Giporoso: City within a city that won’t go to sleep

If there's one bustling suburb in Kigali that has the potential to surpass Nyamirambo, it is Giporoso.
The busy road to Kabeza. (Hassan Mutuhe)
The busy road to Kabeza. (Hassan Mutuhe)

If there’s one bustling suburb in Kigali that has the potential to surpass Nyamirambo, it is Giporoso.

Found in the eastern part of the city, it is the only neighborhood where one is likely to get stuck in traffic jam; not only of automobiles but also human.

Giporoso is a conurbation that never goes to sleep. Congestion starts to build up at about 5pm as walk from Remera bus terminal to the zebra crossing at the cross-shaped junction on the road from airport to the city center can reveal.

It is easy to notice that all the human traffic converges at one destination: the junction to Kabeza/Samuduha.

Ituze Street: where there’s no ituze

Perhaps this street was named Ituze hoping that some normalcy would be restored but ironically, that’s not the case. It is street reminds you of ghettos in Hollywood movies where Snoop Dogg lyrics are often blaring, with tattooed young men leaning against walls with sprayed writings.

There are idle youth looking mean at every turn or verandah of the many lodges that line up the street. They throw who-the-hell-could-this-be stares at an obvious stranger. Even before dusk, one doesn’t need to have the olfaction of a dog to smell the peril in such a milieu.

Over 80 percent of the buildings here are lodges competing next to each other: Peacock Guest House, Rest Corner Lodge, Dream Lodge, Me and You Lodge, Golf Guest House, etc.

By 6:00 PM, ladies of the night are already paraded at their work stations; hawking their bodies.

On two occasions, male workers at these lodges told the writer “karibu” after seeing a lady trailing him.

“How much?” asked the writer. “Depends on how long you will stay,” came the reply. But the bargaining ended when the custodian noted that the writer was solo.

Business hub

Giporoso derives its name from an Anglican Church that dates back to colonial era. A few meters from the church is Mukharam Mosque.

Abdulhakim Kayitare, a resident of Kabeza, is a regular at the mosque. “This place, my dear friend, is like Dubai. Whatever one needs, one will find it within a radius of this stretch,” he told the writer after the dusk prayers.

The stretch he refers to is from the MTN center to Shades Corner Restaurant, less than half a kilometre to Kabeza.

From the bus terminal to the main road. (Hassan Mutuhe)

It is easy to understand why Kayitare says the place is like Dubai. Everything from entertainment (a movie hall), eating, accommodation, grocery shopping, electrical and hardware shops are within the vicinity.

Perhaps in recognition of the area as a mushrooming business hub, Jaguar Coaches have a booking office in Giporoso. Banks, telecommunication and beverage companies also have a big.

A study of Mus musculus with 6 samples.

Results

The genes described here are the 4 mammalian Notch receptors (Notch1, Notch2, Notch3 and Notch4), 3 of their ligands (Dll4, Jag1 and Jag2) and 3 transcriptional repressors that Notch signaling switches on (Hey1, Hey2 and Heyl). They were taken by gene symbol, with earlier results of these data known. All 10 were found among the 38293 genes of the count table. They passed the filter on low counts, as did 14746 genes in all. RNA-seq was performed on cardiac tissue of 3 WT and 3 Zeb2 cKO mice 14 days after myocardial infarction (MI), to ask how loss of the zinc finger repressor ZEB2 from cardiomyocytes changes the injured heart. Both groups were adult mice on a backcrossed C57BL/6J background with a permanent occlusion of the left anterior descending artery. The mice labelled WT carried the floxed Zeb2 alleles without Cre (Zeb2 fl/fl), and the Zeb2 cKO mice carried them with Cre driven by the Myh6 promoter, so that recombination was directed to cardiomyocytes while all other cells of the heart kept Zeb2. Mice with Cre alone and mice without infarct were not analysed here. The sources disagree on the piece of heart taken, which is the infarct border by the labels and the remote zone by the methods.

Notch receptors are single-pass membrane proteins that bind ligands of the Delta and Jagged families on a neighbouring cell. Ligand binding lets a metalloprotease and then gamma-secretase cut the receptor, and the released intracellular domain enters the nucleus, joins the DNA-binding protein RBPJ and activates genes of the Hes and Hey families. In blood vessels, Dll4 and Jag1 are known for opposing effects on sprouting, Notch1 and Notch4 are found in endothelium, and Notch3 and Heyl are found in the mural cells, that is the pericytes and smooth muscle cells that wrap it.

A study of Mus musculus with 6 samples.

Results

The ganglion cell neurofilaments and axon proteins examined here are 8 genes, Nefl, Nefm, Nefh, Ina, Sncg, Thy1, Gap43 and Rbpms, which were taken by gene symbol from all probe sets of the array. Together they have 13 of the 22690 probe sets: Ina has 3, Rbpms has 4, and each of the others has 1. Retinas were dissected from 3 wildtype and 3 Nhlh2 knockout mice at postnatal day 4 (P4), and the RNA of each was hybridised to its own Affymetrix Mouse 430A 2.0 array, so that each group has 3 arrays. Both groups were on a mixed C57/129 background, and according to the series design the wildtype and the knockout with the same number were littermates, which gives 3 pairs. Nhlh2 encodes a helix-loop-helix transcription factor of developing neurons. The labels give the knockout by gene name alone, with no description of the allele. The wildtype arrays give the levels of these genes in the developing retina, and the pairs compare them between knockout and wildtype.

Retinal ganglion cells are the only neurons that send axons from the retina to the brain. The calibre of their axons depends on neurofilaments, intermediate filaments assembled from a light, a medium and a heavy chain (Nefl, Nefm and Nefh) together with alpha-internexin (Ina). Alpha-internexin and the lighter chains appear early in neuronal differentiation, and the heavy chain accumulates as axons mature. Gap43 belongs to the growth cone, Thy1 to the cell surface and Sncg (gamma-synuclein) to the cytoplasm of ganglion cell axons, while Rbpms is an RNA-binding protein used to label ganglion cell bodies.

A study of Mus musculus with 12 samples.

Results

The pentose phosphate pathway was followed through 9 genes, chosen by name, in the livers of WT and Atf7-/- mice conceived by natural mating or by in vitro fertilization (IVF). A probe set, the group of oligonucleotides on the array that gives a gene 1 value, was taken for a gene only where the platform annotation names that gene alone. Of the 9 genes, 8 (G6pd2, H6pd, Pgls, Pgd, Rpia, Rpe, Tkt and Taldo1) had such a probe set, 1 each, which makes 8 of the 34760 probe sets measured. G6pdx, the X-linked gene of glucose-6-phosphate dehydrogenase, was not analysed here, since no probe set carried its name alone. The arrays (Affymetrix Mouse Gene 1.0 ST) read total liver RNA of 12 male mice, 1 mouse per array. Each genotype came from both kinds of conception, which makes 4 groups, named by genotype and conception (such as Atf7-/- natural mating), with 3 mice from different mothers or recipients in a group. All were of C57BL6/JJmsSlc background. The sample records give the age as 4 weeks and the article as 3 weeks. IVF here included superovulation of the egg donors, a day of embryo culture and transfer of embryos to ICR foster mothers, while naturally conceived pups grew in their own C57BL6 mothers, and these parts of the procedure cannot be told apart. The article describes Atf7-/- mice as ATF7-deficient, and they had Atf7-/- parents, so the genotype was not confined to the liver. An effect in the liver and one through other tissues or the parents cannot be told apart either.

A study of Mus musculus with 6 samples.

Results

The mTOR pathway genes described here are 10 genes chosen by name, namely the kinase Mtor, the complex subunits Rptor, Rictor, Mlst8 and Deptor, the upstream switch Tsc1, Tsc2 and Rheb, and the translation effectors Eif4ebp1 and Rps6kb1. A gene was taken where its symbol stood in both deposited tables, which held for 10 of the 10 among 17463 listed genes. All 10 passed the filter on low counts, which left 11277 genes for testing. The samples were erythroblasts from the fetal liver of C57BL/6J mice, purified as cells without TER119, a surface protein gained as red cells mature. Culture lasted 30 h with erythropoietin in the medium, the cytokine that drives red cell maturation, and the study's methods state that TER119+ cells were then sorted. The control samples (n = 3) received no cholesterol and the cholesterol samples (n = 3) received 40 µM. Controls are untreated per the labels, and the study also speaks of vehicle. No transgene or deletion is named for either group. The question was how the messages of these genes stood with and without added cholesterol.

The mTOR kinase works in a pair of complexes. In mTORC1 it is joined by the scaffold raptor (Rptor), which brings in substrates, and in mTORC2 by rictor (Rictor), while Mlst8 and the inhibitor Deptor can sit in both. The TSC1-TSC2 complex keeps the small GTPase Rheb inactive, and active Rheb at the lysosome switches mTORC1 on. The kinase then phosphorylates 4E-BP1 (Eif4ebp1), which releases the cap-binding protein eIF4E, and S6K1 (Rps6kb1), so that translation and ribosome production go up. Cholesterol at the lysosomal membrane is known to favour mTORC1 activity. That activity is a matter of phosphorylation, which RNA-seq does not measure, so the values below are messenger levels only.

Darkness sets in at 6:40pm. A lonely Intersec security guard at the MTN center called Francois tells Sunday Times that this is a time for petty criminals. “If a car parked here and there’s someone inside with a phone in his hands, a thief will offer a handshake and snatch the phone in the process,” he says, adding that he has witnessed it several times. “They run and disappear behind there,” pointing at Ituze Street.

Francois explains that the place is ever busy largely because of the many bars/pubs around. “It’s understandable at this time because people are going to their homes from work.

From midnight onwards, that’s time for petty thieves and the ladies of the night. He clarifies that that’s the time when pickpockets ambush people from leaving bars and take their pocket change and phones. “They come like three or four and surround you, check your pockets as they move with you,” he says.

Mukubite Umwice

At 8:30 pm, Shades Corner is abuzz with activity. The clientele is 98 percent male, including a one Mugabo. Many diners are taking milk or tea with snacks. Actually, the place is more of a tearoom than a restaurant.

Mugabo says that he shifted from Kicukiro to Kabeza because the place is alive. “What can’t you see for yourself? There are ladies in Mukubite Umwice, the betting houses, or even places like this restaurant where I’ve met a friend like you.”

Apparently, Mukubite Umwice (beat to death) is the sex corridor in Ituze Street. He confesses that he has been there for services only once. “I bought the goodies at Rwf2000 and paid another Rwf3000 to use the lodge for an hour.”

Did he ask his bedmate why she was doing what she was doing? “Do I care?” he retorts. “But most of them are lazy girls who think this is the only (and better) way to earn quick francs,” adding that very few of them practice the world’s oldest profession because they have no any other option. “Some of them have other jobs though,” he interjects.

“I know one who cleans the roads in town during the day but vends her body here at night,” he adds as an afterthought.

By 10:00, the main road was almost deserted except for a few individuals. One could easily be fooled that it’s bedtime here but nevertheless, noise could be heard from nearby. “People here move till 7:00am when I’m sometimes leaving work,” Francois said.

Until its position is defined among Kigalians – which nowhere soon - Giporoso and its surroundings remain double-faced: rowdy vs. commercial. At least for now.